A few weeks after American Airlines has filed a lawsuit against their mechanics union the situation is reaching a boiling point and employees apparently feel emboldened to engage in hefty arguments using unkind language.
Three weeks ago I wrote about the lawsuit American filed against their mechanics union as they’re accusing them to slow down operations by making up maintenance issues, forcing planes out of service and creating unnecessary delays.
According to a report by CBS Chicago (access here) the video in question has been shot secretly by a maintenance employee of American Airlines.
A profanity-laced video has raised questions about safety on one of the biggest airlines at O’Hare International Airport, and about what is acceptable behavior in the workplace.
In a story you’ll see only on CBS 2, Mike Puccinelli sat down with the mechanic who recorded the video. The mechanic said what he caught on tape is just part of a much larger issue.
You can hear the anger in the voice of an American Airlines supervisor yelling at mechanic Jason Lopata at O’Hare last November.
“Every time you come down here, you write s*** up, and you f*****g leave,” the supervisor said.
Here you can watch the video for yourself:
This obviously looks very unfavorable for American. While they might be right in principle that the technicians (or at least some of them) are indeed up to no good, in the public eye however, it looks terrible if management talks to an employee in the manner displayed here.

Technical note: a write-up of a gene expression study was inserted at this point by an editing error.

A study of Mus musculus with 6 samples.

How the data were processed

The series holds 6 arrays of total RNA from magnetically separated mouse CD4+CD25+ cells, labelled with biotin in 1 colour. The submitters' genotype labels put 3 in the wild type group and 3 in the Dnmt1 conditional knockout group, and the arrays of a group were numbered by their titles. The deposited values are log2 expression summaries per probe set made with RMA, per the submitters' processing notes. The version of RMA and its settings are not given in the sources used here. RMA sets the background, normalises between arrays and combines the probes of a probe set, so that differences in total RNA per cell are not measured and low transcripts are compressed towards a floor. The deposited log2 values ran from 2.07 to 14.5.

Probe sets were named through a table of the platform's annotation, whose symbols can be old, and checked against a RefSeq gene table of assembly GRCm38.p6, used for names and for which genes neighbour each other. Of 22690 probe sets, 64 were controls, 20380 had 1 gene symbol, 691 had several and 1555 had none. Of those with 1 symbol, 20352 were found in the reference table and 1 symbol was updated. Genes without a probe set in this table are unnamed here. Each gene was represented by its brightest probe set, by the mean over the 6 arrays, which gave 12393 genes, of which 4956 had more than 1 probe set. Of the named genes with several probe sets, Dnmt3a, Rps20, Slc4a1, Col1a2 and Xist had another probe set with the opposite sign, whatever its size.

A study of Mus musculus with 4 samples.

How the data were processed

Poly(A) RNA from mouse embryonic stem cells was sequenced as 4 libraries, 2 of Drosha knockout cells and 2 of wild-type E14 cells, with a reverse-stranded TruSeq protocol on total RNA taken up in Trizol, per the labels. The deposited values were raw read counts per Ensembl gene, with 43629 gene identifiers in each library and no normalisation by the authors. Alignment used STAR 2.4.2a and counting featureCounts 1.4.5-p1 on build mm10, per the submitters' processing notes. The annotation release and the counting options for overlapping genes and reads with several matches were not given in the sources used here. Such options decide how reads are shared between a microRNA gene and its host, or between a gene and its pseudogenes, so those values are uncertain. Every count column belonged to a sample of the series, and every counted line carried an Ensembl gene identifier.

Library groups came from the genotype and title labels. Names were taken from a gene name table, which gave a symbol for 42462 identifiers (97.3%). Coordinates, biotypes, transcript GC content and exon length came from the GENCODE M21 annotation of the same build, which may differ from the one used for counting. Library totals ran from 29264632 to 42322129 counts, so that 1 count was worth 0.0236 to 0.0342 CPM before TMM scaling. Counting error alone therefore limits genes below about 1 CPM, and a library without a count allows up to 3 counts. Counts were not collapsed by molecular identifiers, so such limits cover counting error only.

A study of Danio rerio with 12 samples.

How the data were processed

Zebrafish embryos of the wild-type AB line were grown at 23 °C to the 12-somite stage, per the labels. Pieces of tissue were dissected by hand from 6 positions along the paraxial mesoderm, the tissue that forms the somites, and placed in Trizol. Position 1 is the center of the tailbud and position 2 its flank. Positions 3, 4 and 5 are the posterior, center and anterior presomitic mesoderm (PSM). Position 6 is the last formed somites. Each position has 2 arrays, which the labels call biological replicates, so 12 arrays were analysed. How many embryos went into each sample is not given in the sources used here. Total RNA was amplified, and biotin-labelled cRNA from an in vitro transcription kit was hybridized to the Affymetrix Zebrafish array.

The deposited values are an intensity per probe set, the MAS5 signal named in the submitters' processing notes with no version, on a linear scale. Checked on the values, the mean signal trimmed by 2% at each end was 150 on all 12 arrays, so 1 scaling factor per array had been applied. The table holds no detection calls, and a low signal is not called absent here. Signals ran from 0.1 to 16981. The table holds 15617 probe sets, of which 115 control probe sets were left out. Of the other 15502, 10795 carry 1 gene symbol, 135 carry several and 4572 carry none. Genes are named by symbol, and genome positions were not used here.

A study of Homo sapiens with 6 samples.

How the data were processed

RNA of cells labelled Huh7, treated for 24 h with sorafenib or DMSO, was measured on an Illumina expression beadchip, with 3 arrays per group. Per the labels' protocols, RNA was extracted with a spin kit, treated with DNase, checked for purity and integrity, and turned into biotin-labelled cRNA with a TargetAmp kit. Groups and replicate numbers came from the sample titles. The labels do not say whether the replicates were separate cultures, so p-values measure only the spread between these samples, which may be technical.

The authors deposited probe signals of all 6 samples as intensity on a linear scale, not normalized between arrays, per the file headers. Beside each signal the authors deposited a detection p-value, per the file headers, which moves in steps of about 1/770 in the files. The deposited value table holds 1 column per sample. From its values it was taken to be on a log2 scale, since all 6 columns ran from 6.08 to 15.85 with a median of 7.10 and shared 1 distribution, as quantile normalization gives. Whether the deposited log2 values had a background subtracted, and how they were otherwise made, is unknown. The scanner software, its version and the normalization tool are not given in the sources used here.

The article also has a statement from the mechanic:
Lopata said, a week before the incident, the same supervisor lashed out at him over a three-minute delay for repairs to another plane.
“The aircraft took a delay. I had a bunch of work I had to do on the airplane. It took a three-minute delay,” he said.
Why is a three-minute delay that big of a deal?
“That’s what management says. This comes from high up. Any delay is a big deal to them,” Lopata said.
Lopata posted video of the supervisor’s outburst on YouTube last week. He filed a formal complaint with the airline and the Federal Aviation Administraiton in November, accusing the supervisor of using profanity, and telling him “my job was not to find items wrong.”
“Nothing was ever done about it,” Lopata said.
The mechanic said, because American Airlines and the FAA didn’t take action, he posted the video online and reached out to CBS 2.
Lopata said, right before the incident he recorded on video, he had discovered a potential problem with a plane – bubbling paint due to corrosion. He wrote up that corrosion right before he ended his shift, the apparent trigger for his supervisor’s tirade. …
The airline said the supervisor has been removed from duty while it investigates, adding the actions “captured here do not reflect caring and respect, core values we expect all team members to show each other.”
So this was a set up. The motives of the technician might have been to be a whistleblower or just to spread propaganda but either or, he provoked the actions of the manager knowing that he’d likely lash out at him again.
Hopefully American and the unions will come to a resolution sometime soon. This theater is becoming a joke and hurts the reputation of everybody involved. With the 737 Max disaster, can American really afford to cast doubt over the airworthiness of their other planes, even if it’s just a perception of irregularities?
It’s easy for maintenance staff to disable certain areas of flight operations and with airlines every human along the way is a piece of the puzzle without whom the carrier can’t operate. Pilots, Mechanics, Flight Attendants. If any group of them decide to throw a wrench in the motor then operations are immediately affected.